The creative economy and the rise of employee entrepreneurs

Given that strategic initiative and change is daily, if not minute by minute, a business needs to be highly creative, if it is to keep pace in this hyper competitive marketplace.

Creativity is at the heart of innovation and change, and to be creative your business needs to attract employee entrepreneurs. Creativity is not simply the domain of people who use creative expression as part of their job role, creativity is about being able to look laterally and see solutions others cannot see. A creative business knows how to be vulnerable, how to practice fast failure and transform trends into ideas, but most importantly a business is creative because of its ability to attract employee entrepreneurs.

Creative businesses need to be swift of foot, adapting to new opportunities, with the ability to attract in new competencies at a moment’s notice. In order to embrace creative, entrepreneurial people into an organization, businesses need to think differently about their talent.

Talent is a bigger driver of performance and profitability than ever before, so much so, human capital is an increasingly significant part of how a company is valued. An investment in employee entrepreneurs is critical to the mix of valuable human capital.

Employee entrepreneurs are those people who are, and are highly connected to, creative thinkers. They thrive on huge learning curves, embrace the new and delight in risk. They are also the people who may come and go from an organization, a much more transient and mobile work force than their colleagues.

Part of attracting in the employee entrepreneur is what  Deliotte’s  coined as the Open Talent marketplace. An Open Talent marketplace is one where workplace flexibility in time, location and schedule is attracting in otherwise unattainable talent. This aligns with the needs of the employee entrepreneur whose appetite for learning and creativity may mean they have more than one place of work, may choose to work at home at times, or may dip in or out of the workplace arrangements.

Once thought of as a loyalty issue, now leading businesses accept these traits of an employee entrepreneur as the contributing factors to their big ideas, amazing intuitions and ability to keep the pulse of change. If an organization does not want its talent base to rust, it needs the oxygen of entrepreneurs to remain strong and dynamic.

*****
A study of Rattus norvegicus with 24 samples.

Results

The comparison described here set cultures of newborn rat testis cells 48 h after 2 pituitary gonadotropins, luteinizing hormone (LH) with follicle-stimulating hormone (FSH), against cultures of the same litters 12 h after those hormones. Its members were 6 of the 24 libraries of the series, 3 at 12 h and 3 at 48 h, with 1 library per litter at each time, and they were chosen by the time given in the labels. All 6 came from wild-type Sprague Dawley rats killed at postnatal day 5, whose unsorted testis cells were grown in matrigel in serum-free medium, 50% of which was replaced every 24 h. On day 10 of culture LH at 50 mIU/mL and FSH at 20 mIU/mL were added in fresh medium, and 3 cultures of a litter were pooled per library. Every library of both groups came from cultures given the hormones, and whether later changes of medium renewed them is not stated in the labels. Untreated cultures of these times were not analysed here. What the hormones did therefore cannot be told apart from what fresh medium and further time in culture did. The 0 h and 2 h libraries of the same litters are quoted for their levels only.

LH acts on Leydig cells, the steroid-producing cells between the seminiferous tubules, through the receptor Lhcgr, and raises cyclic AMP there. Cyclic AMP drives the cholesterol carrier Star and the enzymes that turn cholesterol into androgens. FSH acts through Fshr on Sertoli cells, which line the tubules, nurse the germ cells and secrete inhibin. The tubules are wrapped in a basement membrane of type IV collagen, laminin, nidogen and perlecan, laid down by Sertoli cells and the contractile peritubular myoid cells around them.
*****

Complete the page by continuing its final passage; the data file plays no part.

Increasingly we are entering the age, where a business and employees, form an alliance that extends and last well beyond a contract. Smart businesses are looking to develop enduring relationships with talent that is based on more than a financial exchange and on a bigger picture of reciprocity, such as workplace flexibility. Even smarter businesses are investing in employee alumni programs, where reemployment rates, the sharing of knowledge and business opportunity with ex employees drive massive gains. McKinsey’s 130 ex employees, who are now CEO’s of one billion plus companies, are a case in point.

The smartest of all, are those oragnisations who embrace the fluidity of the entrepreneurial employee, recognising it is their very transience that leads to an amazing network and diversity of experience that is the rocket fuel of creativity.

Smart businesses stay in dialogue with employees when they leave, even when they leave for the competition. Silicon Valley based businesses encourage ex employees who leave for the competition to look for co opetition and shared services opportunities. External engagement strategies recognize the external talent, connected to internal talent, lifts the collective IP of an organization. Research has shown connected people, trading on the wisdom of crowds, are smarter than their isolated peers.

Entrepreneurs are no longer the domains of start ups, but we need to welcome them into the heart of our business.

Louise Kelly

Founder Thought Leaders Circle

Managing Director

Hearts and Minds

2 thoughts on “The creative economy and the rise of employee entrepreneurs

  1. We are also told that 50% of all the jobs we will have in the next six years have not yet been created. And we are also being told that we are rapidly approaching the time when only 50% of the American work force will be “employees.” The rest will be consultants, independent contractors, contingency workers, temps, entrepreneurs,
    free-lance workers, electronic immigrants, etc. These changes require that each of us develop a clear sense of who we are and where we are going. Otherwise we will feel victimized by the inevitable changes.